All those insights come from crunching numbers.
Big data COVID-19-The COVID-19 pandemic is many things to many people, but for data scientists it has become an unprecedented opportunity to apply complex mathematical models to describe the spread of a pandemic that continues to defy history.
Where sites like Worldometer glibly feed a news-hungry public macbre leaderboards about the number of infections and deaths, data-analytics specialists are helping epidemiologists leverage much larger data sets – fuelling predictions about the potential spread of the disease, casualty estimates, the impact of various preventative measures, and potential forecasts about when life might begin returning to normal.
Data from a “complex model of how COVID-19 could spread in Australia”, one recent University of Sydney analysis proclaimed, had confirmed that we could control the outbreak if 8 out of 10 Australians stay home – but if the rate dropped to 7 out of 10 people, cases would continue growing out of control.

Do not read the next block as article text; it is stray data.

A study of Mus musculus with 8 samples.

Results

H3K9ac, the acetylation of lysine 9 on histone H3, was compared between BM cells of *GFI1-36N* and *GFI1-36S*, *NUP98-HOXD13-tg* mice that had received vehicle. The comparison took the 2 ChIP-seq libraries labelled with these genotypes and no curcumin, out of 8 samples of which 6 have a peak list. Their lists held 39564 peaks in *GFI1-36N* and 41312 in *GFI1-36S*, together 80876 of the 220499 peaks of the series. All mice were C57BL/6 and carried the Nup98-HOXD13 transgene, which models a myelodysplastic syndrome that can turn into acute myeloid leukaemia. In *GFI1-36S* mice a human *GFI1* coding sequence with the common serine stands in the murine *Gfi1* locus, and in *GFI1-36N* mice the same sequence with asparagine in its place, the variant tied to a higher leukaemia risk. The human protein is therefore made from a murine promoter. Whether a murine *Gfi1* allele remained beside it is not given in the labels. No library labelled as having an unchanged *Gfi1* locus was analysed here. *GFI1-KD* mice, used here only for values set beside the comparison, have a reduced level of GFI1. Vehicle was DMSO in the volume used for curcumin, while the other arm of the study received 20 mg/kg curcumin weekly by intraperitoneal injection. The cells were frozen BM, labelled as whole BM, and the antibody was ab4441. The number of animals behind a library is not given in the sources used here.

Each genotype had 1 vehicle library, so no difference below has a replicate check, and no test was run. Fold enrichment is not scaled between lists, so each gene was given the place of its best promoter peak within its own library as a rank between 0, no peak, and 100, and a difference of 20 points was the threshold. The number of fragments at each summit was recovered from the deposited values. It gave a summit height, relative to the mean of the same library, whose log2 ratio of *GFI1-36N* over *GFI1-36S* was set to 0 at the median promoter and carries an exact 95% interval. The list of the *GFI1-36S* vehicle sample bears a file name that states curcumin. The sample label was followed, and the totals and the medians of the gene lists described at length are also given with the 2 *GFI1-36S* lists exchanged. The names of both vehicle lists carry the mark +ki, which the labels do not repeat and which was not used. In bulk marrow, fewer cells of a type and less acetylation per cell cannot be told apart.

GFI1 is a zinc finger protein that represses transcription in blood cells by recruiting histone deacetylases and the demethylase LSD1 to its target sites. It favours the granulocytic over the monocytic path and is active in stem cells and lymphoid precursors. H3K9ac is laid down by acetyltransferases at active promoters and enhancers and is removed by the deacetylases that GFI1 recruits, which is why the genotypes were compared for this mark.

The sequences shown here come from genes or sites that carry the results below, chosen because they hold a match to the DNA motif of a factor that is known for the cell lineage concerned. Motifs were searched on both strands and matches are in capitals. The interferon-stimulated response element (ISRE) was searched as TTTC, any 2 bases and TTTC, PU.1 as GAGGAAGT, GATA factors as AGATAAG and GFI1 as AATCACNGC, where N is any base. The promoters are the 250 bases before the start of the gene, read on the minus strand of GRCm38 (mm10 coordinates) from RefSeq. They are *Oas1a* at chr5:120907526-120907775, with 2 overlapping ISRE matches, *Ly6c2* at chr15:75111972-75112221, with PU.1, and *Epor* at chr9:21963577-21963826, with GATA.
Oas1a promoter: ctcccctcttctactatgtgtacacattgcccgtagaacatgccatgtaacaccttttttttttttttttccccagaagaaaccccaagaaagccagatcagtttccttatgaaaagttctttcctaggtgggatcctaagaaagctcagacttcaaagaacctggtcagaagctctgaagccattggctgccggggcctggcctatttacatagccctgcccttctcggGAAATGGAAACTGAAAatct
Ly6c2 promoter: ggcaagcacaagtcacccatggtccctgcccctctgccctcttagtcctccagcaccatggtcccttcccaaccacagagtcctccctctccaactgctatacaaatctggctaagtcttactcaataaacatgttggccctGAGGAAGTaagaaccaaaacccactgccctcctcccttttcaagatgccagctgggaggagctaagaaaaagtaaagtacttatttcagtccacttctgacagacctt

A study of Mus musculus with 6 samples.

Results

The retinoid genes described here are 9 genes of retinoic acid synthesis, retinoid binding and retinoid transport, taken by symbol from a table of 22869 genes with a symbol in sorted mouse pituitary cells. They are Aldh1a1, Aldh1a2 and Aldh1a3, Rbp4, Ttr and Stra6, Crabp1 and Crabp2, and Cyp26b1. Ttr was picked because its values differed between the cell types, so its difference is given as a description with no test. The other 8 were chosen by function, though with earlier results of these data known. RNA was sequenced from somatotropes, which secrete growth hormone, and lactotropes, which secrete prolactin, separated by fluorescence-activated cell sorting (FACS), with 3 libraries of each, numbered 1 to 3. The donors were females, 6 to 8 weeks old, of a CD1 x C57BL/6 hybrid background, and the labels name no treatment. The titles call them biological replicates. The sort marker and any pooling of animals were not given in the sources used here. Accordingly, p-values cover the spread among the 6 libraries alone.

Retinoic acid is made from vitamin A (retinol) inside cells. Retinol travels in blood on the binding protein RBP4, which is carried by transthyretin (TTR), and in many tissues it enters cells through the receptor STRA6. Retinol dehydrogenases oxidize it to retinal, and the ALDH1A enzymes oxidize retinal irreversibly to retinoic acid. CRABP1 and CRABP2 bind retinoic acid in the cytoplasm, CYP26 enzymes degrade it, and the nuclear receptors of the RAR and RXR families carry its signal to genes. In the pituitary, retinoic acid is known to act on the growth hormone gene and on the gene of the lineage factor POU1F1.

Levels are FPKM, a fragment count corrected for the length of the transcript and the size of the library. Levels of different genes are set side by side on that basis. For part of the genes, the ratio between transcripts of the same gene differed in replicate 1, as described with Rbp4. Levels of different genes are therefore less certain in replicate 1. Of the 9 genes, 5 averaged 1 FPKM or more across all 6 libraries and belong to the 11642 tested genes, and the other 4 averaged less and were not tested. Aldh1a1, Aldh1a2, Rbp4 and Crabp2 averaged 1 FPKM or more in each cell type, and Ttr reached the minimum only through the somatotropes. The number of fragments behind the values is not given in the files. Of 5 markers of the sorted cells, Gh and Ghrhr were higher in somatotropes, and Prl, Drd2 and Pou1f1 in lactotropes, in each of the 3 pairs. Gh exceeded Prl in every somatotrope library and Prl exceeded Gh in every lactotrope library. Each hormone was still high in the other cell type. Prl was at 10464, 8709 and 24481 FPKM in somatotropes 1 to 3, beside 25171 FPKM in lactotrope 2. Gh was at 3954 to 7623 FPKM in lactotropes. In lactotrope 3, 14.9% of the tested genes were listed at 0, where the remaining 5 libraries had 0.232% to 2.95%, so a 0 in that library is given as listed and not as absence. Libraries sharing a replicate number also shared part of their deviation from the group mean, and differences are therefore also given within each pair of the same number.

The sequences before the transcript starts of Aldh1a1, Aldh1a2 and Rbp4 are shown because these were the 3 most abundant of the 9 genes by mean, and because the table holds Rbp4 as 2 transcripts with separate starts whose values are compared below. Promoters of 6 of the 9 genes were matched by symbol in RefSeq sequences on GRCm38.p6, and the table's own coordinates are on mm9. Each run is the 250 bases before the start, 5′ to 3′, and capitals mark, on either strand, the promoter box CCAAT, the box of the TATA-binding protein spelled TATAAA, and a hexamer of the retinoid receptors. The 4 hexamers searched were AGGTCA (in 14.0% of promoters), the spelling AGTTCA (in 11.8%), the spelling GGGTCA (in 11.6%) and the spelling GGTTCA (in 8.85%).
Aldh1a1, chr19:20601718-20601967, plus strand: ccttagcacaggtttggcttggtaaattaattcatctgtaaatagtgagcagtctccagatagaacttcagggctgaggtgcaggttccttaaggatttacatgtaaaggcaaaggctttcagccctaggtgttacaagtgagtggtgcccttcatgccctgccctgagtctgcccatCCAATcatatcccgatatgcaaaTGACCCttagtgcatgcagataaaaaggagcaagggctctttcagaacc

Such conclusions directly inform public-health measures and shape the nature and extent of the response – and data firms are working continuously to develop, test, and refine the models that produce the numbers.
It has been a fierce and immediate call to arms for firms like Smash Delta, a Sydney-based data-strategy firm whose normal engagements revolve around using data to answer questions around customer churn, operational efficiency, staff development, product development, profit maximisation, and the like.
The inconsistencies of COVID-19 data and forecasts had come to annoy the principals of the firm, who set out to develop an authoritative source of data about the pandemic.
“We were really frustrated with what we were hearing and seeing, whether from the public generally or people around us, not understanding the severity of where we are heading with this virus,” managing director Ben Morley-John told Information Age.
The delays between infection with the virus and presentation of its symptoms had made this pandemic particularly difficult to model, he explained, since infected individuals can spread the virus for many days before they even realise they have it.